A campaign to make it illegal for companies to require women to wear high heels at work is about to hit 100,000 signatures, after a debate over work wear sparked questions about women’s rights.
The petition has so far gained 98,000 signatures. If the campaign reaches 100,000 signatures the debate will go to the Houses of Parliament for discussion.
Nicola Thorp launched the petition after she was reportedly sent home from a job at accountancy firm Price Waterhouse Coopers (PwC) , where she was employed by the temp agency Portico.
It was reported that receptionist Thorp was sent home from work after refusing to wear high heels for her nine hour shifts. Portico recruited the reception staff for PwC and Thorp claims to have been sent home without pay.
Thorp, 27, from Hackney in east London, arrived for work in December with flat shoes but was told that she had to wear “2in to 4in heel”.
PwC released a statement today saying: “We are pleased that Portico has responded to our concerns and is updating its uniform policy with immediate effect.
“PwC places a great deal of emphasis on providing a progressive working environment for all of our people and we feel strongly that this must include third party employees working in our offices.
“We are now reviewing our supplier uniform codes to ensure they are aligned with our own values.”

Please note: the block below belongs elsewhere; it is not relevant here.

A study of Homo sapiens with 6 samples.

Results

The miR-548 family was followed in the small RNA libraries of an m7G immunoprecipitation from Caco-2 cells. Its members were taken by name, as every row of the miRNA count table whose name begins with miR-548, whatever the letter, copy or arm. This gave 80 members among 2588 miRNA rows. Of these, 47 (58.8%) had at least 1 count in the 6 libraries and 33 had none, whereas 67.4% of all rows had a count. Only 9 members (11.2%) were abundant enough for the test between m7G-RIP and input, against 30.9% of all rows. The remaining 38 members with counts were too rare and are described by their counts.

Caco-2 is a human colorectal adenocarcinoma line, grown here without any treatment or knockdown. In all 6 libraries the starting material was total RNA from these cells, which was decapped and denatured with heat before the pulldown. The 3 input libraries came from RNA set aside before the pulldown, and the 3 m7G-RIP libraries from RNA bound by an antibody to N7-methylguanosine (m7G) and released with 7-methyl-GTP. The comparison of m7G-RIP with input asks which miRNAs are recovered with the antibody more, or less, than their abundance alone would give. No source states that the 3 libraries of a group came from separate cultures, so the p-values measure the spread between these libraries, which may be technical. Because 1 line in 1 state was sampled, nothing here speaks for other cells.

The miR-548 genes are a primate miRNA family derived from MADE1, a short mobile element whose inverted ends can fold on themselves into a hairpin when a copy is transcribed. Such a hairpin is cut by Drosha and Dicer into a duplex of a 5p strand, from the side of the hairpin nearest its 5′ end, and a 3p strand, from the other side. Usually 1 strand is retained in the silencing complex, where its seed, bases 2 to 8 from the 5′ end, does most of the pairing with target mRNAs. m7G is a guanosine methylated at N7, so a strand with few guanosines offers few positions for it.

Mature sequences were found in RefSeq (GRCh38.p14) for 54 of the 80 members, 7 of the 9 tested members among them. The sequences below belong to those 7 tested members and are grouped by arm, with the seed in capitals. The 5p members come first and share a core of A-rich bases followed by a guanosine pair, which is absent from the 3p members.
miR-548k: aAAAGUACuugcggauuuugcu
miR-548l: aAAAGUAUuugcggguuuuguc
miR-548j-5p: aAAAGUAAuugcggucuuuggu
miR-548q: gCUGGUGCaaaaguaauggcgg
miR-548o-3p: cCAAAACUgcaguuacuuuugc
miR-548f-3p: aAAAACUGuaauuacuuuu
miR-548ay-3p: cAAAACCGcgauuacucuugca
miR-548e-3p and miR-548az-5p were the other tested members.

Outsourcing firm Portico told the BBC this morning “with immediate effect all our female colleagues can wear plain flat shoes”.
As reported by the BBC, Portico said it set the uniform rules for staff but would review its guidelines.
Thorp told BBC Radio London: “I said, ‘If you can give me a reason as to why wearing flats would impair me to do my job today, then fair enough’, but they couldn’t. I was expected to do a nine-hour shift on my feet escorting clients to meeting rooms. I said I just won’t be able to do that in heels.”
The Women’s Equality Party stressed today that that high heels should not form any part of compulsory business dress.
Party Leader Sophie Walker, said: “Wearing high heels is a matter of personal taste, and should not be imposed by an employer for reasons of professional ‘standards’.
“If men are not required to wear a certain type of heel to work, neither should women be. It’s that simple.”
Discussing Thorp Walker said: “PwC were within their rights as an employer to ask Thorp to wear a heeled shoe, according to the definition of ‘formal dress code’ which stipulates different standards for men and women,” explained Walker. “The Women’s Equality Party oppose the imposition of gendered standards for footwear – WE believe equality is better for everyone.”
“This is a form of occupational segregation. Thorp has been denied potential earnings because she quite rightly wanted to be comfortable at work. WE challenge employers to update their definition of ‘appropriate dress’.”